Gordon “Brick” Moir, known to many PWW readers for his pithy comments in conversations with Hy Clymer, died May 29 in Aberdeen, Washington. He was 90 years old.
Brick – he would insist on using that name – spent more than 50 years working in the logging camps that were the economic mainstay of the “Harbor,” shorthand for the twin cities of Aberdeen and Hoquiam located on Grays Harbor in southwest Washington.
He quit school in the eighth grade to go to work in a shingle mill. After that came a hitch in the CCC. He married Leona Walden in 1935, forming a team that left its mark on many of the Harbor’s working-class struggles.
Brick’s career as a labor leader and Communist Party member began when he became a charter member of the International Woodworkers of America, (IWA) CIO. By the time he retired, Brick had held elected positions as shop steward, camp chairman and a trustee of the local.
He was forced to resign from that office when the 1947 IWA convention buckled in the face of anti-communist hysteria and required local union officers to sign non-communist affidavits. In 1988 Brick was honored for his 50-year membership when asked to address the IWA international convention
In the late ’30s Brick became president of the Grays Harbor Industrial Union Council where, among other things, he met Harry Bridges. “I’ve seen a lot of them,” Brick would say, “but Harry was the best of them.”
Brick played a key role in the Grays Harbor Civil Rights Committee that defended CIO union activist Dick Law against accusations he had murdered his wife, Laura, in 1940, a case that pitted left against right on gritty old Grays Harbor and became a national sensation.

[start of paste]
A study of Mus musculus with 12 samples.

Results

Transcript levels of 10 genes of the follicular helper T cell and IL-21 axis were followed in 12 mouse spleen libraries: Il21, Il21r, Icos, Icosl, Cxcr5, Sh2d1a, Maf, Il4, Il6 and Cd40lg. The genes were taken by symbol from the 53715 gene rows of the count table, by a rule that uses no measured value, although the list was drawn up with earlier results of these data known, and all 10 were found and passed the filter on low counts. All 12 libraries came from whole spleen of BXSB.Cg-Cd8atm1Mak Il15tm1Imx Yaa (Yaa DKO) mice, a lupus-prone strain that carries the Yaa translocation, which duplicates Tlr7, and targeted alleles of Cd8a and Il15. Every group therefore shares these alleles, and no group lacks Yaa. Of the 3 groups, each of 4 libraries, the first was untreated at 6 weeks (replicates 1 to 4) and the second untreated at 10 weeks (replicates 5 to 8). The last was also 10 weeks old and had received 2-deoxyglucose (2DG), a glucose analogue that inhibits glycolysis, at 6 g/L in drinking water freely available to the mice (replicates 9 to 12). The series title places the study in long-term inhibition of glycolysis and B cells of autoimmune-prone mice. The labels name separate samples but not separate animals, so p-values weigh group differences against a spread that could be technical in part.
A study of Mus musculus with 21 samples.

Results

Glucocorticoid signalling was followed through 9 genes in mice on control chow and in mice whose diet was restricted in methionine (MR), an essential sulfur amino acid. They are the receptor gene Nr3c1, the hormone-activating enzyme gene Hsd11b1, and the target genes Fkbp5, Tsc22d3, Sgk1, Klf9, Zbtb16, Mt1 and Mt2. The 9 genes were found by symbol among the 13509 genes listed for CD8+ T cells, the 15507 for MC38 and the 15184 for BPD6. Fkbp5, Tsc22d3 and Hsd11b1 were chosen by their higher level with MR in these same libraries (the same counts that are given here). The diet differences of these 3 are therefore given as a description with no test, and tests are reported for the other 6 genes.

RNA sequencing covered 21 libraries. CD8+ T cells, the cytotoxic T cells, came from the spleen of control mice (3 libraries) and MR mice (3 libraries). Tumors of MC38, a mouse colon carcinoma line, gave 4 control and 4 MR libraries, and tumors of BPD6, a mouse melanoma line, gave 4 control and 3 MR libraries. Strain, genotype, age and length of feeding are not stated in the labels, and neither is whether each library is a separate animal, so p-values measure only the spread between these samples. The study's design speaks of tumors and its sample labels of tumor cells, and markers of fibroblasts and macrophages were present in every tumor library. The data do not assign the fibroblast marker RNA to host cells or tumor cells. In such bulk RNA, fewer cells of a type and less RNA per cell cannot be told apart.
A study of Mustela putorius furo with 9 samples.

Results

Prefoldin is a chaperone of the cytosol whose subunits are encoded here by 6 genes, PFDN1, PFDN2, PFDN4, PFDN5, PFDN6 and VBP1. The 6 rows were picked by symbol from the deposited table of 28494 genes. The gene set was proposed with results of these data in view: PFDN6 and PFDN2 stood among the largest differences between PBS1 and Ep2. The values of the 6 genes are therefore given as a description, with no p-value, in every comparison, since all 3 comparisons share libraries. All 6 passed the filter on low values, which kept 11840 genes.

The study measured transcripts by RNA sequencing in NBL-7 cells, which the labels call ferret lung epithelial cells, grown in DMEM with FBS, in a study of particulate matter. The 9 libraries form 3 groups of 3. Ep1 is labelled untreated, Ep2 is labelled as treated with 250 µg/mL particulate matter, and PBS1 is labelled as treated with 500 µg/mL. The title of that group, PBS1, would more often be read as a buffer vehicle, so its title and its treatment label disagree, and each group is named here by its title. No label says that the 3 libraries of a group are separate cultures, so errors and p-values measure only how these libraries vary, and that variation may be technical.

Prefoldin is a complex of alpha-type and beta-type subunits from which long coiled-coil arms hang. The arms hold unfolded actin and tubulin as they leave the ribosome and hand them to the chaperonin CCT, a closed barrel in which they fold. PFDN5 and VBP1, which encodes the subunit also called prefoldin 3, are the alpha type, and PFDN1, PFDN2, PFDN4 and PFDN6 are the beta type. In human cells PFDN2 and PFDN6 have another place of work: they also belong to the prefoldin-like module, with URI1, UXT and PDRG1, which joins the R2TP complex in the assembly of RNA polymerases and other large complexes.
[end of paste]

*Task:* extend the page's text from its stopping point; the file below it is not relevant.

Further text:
In 1954, he was one of the IWA members subpoenaed by the Un-American Activities Committee. None fought back with more vigor than Brick, who filled two pages of the record by refusing to answer the opening question about his place of residence. “You have my address; you served the subpoena,” he told the committee.
Asked about his organizational affiliations, Brick proudly declared that he belonged to the IWA that, with 60,000 members, “was opposed to the McCarthy Committee, the Velde Committee and the Jenner Committee.”
In the late ’50s, with anti-communist hysteria in decline, Brick once again assumed positions of responsibility in the affairs of Local 3, where he won the respect of even those who had once opposed him. Mahlon Chestnut, who held office in the local for 30 years, called Brick “the most ‘union’ union man” he had ever met. “He was a true believer. I respected the man and I honor his memory.”
Others were no less complimentary: Will Parry, a former leader of the Association of Western Pulp and Paper Workers, who worked with Brick in campaigns to build unity among unions representing workers in the forest products industry, described Brick as a man who was “born a worker, lived the life of a worker and died a worker. He had big calloused hands, a strong worker’s voice and a worker’s heart bigger than the woods he worked in.”
BJ Mangaoang, long-time leader of the Communist Party’s Washington district, remembers Brick as “down to earth. He was honest and reliable and spoke in words workers could understand.” Mangaoang praised Brick’s commitment to both the Party and the PWW. “He was always raising money.”
Irene Hull, a long-time activist in printing trades unions, described Brick as “very human. He loved his family, flowers and to work in his metal-working shop. He read everything he could get his hands on and gloried in his garden.”
Brick is survived by a son, Martin David, a daughter, Farol Olson, four grandchildren and four great-grandchildren.